Waste Management and Pollution Control

A ban on polystyrene products in Fiji will go into effect on 1 January 2021. 

The ban is part of the Fijian Government’s Climate Change Act, which was first announced by Hon. Aiyaz Sayed-Khaiyum, Fiji’s Attorney General and Minister for Economy, in 2019. The Act, he said, will enshrine, in law, Fiji’s domestic response to climate change and the threat to its oceans, and place that law at the heart of Fiji’s national policies and priorities.  

Fiji already has in place a plastic bag levy, which was introduced in August 2017 with the aim of deterring consumers from using plastic bags and encouraging good behaviours such as using reusable bags for their shopping. The levy was increased from 20 cents to 50 cents on 1 January 2020, also as part of the Government’s Climate Change Act.  

This demonstration of leadership from the Fijian Government aimed to address the impacts caused by plastic pollution on our Pacific Ocean. Eight million tonnes of plastic enters the ocean each year, and it is estimated that by 2050, there will be more plastic than fish in our ocean. 

Mr Anthony Talouli, Acting Director for the Secretariat of the Pacific Regional Environment Programme’s (SPREP) Waste Management and Pollution Control programme, says, “I would like to congratulate the Fijian Government for their leadership. SPREP stands ready to support the Fijian Government and its people in ensuring a successful transition to a polystyrene-free Fiji.”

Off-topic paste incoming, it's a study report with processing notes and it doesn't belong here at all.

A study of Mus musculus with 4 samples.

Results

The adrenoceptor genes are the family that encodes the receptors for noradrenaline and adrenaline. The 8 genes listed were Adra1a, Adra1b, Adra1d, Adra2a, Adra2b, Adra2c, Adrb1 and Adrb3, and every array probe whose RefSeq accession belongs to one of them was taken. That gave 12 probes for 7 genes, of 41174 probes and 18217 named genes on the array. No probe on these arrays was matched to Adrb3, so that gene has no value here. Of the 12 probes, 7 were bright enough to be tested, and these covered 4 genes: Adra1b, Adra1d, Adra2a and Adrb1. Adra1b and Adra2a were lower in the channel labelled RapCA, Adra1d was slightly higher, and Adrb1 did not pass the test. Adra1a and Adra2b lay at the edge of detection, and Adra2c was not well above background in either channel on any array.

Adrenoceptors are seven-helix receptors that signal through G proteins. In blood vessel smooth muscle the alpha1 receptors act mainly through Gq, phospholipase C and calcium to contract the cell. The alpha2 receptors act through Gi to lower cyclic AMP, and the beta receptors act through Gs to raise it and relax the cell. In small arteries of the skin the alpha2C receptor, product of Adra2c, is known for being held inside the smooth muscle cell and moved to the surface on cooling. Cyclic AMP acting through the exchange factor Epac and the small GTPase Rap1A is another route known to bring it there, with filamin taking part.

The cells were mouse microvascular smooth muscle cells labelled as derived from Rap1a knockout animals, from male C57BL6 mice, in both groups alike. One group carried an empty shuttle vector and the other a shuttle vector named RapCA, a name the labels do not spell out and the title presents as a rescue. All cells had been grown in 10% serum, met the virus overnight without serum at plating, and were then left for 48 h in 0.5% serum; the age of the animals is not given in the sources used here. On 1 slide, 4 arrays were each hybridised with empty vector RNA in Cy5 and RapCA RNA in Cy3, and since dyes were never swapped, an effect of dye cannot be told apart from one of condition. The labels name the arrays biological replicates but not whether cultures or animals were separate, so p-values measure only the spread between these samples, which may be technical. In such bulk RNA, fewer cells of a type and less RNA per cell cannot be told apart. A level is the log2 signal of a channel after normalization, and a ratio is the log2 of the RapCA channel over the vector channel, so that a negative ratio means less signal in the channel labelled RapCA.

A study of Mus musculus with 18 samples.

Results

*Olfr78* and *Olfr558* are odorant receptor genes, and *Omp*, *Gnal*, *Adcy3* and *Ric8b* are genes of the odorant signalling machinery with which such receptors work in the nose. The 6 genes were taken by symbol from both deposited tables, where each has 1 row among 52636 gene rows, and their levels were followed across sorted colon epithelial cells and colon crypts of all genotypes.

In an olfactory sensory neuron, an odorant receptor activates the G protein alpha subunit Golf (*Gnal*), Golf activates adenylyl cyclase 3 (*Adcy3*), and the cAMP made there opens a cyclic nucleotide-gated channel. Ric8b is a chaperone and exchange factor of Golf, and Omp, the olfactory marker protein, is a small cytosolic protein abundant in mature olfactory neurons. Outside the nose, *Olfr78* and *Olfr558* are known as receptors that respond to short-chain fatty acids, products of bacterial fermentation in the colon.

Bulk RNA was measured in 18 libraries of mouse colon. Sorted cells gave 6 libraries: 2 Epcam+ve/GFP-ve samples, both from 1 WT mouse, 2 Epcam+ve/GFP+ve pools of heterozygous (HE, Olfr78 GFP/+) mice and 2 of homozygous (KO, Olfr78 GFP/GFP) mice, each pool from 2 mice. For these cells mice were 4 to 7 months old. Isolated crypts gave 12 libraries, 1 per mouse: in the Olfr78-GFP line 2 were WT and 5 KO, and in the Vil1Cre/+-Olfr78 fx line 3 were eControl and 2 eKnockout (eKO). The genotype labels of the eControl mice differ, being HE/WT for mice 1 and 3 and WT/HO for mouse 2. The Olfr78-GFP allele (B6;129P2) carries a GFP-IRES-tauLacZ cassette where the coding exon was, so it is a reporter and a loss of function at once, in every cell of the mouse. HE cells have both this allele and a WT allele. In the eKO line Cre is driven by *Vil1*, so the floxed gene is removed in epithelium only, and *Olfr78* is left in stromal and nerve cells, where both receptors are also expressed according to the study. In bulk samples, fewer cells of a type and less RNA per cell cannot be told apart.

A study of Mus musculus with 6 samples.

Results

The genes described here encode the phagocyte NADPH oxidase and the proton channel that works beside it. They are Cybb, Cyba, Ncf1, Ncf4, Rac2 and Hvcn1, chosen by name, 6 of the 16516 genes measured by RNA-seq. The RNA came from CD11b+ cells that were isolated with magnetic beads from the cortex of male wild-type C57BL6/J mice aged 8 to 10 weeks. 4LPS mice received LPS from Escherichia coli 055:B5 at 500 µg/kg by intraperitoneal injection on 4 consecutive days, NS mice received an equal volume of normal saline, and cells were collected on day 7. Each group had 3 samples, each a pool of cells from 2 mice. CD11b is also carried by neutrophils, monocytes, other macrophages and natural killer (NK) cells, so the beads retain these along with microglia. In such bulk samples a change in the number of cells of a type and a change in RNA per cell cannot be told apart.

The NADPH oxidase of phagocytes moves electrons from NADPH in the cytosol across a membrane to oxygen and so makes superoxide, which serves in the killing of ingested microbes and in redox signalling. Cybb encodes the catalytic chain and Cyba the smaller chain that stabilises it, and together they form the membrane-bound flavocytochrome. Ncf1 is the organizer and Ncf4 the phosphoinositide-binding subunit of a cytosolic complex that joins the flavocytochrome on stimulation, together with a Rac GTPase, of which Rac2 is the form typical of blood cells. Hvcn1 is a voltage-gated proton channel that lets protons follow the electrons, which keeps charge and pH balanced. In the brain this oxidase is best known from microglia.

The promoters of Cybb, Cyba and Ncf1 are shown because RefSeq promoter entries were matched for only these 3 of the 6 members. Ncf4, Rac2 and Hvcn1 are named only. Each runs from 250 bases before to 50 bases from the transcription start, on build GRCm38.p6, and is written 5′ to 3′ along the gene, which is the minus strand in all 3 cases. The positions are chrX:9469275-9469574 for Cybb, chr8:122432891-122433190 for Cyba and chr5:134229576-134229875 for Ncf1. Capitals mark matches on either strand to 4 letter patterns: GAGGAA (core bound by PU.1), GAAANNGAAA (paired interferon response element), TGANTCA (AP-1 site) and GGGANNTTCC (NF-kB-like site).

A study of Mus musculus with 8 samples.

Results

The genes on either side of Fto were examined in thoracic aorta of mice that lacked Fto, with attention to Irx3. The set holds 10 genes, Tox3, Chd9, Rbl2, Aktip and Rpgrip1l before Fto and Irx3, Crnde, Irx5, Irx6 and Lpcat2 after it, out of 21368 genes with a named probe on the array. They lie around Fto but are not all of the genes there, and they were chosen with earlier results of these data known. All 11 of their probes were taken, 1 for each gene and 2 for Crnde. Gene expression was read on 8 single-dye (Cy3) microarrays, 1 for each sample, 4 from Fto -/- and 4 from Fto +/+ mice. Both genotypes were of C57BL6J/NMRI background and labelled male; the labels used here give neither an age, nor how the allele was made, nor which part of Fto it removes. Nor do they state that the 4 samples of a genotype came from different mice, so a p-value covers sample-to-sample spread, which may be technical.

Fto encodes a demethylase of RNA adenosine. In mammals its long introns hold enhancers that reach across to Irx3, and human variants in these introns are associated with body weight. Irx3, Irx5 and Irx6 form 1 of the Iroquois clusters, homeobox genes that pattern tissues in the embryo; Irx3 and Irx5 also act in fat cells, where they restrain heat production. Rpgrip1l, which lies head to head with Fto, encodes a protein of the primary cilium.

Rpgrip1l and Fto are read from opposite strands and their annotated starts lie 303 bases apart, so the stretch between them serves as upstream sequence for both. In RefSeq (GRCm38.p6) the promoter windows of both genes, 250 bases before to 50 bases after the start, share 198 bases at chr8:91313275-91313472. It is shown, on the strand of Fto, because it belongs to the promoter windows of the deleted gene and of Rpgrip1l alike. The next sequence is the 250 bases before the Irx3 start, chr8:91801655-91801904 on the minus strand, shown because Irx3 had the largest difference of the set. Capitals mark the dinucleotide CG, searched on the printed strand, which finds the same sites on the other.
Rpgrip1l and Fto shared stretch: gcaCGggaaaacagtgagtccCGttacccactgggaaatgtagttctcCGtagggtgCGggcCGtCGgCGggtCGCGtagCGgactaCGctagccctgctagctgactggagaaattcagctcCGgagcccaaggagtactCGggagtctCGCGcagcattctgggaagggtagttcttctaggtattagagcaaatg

Fiji is one of many Pacific island countries who have shown tremendous leadership in the fight to eradicate single-use plastics, polystyrene and plastic packaging, passing legislation to ban the use and importation of single-use plastics and polystyrene into their countries in order to address the growing global issue of marine plastic pollution. 

The Vanuatu government imposed a ban on plastic straws, single-use plastic shopping bags, and polystyrene takeaway boxes came into effect in July 2018, under the Vanuatu Waste Management Act.

The Government of Samoa also officially endorsed the Waste Management Regulation 2018, which prohibits the import, manufacture and distribution of single-use plastic shopping bags, packing bags, and straws. The ban went into effect on 30 January 2019. 

Samoa was also meant to ban the import and distribution of polystyrene products on 1 July this year, but it was postponed indefinitely due to the economic impact of COVID-19 on businesses and the general public. 

Other countries in the Pacific that have also placed bans on single-use plastic shopping bags include American Samoa, Commonwealth of the Norther Mariana Islands, Guam, Pohnpei, and Yap States of the Federated States of Micronesia, Palau, and the Republic of the Marshall Islands. 

“The progressive stance from the Pacific is showing strong leadership from our corner of the world, and we look forward to seeing more countries in other regions following this leadership and joining the fight against plastic pollution,” Mr Talouli added.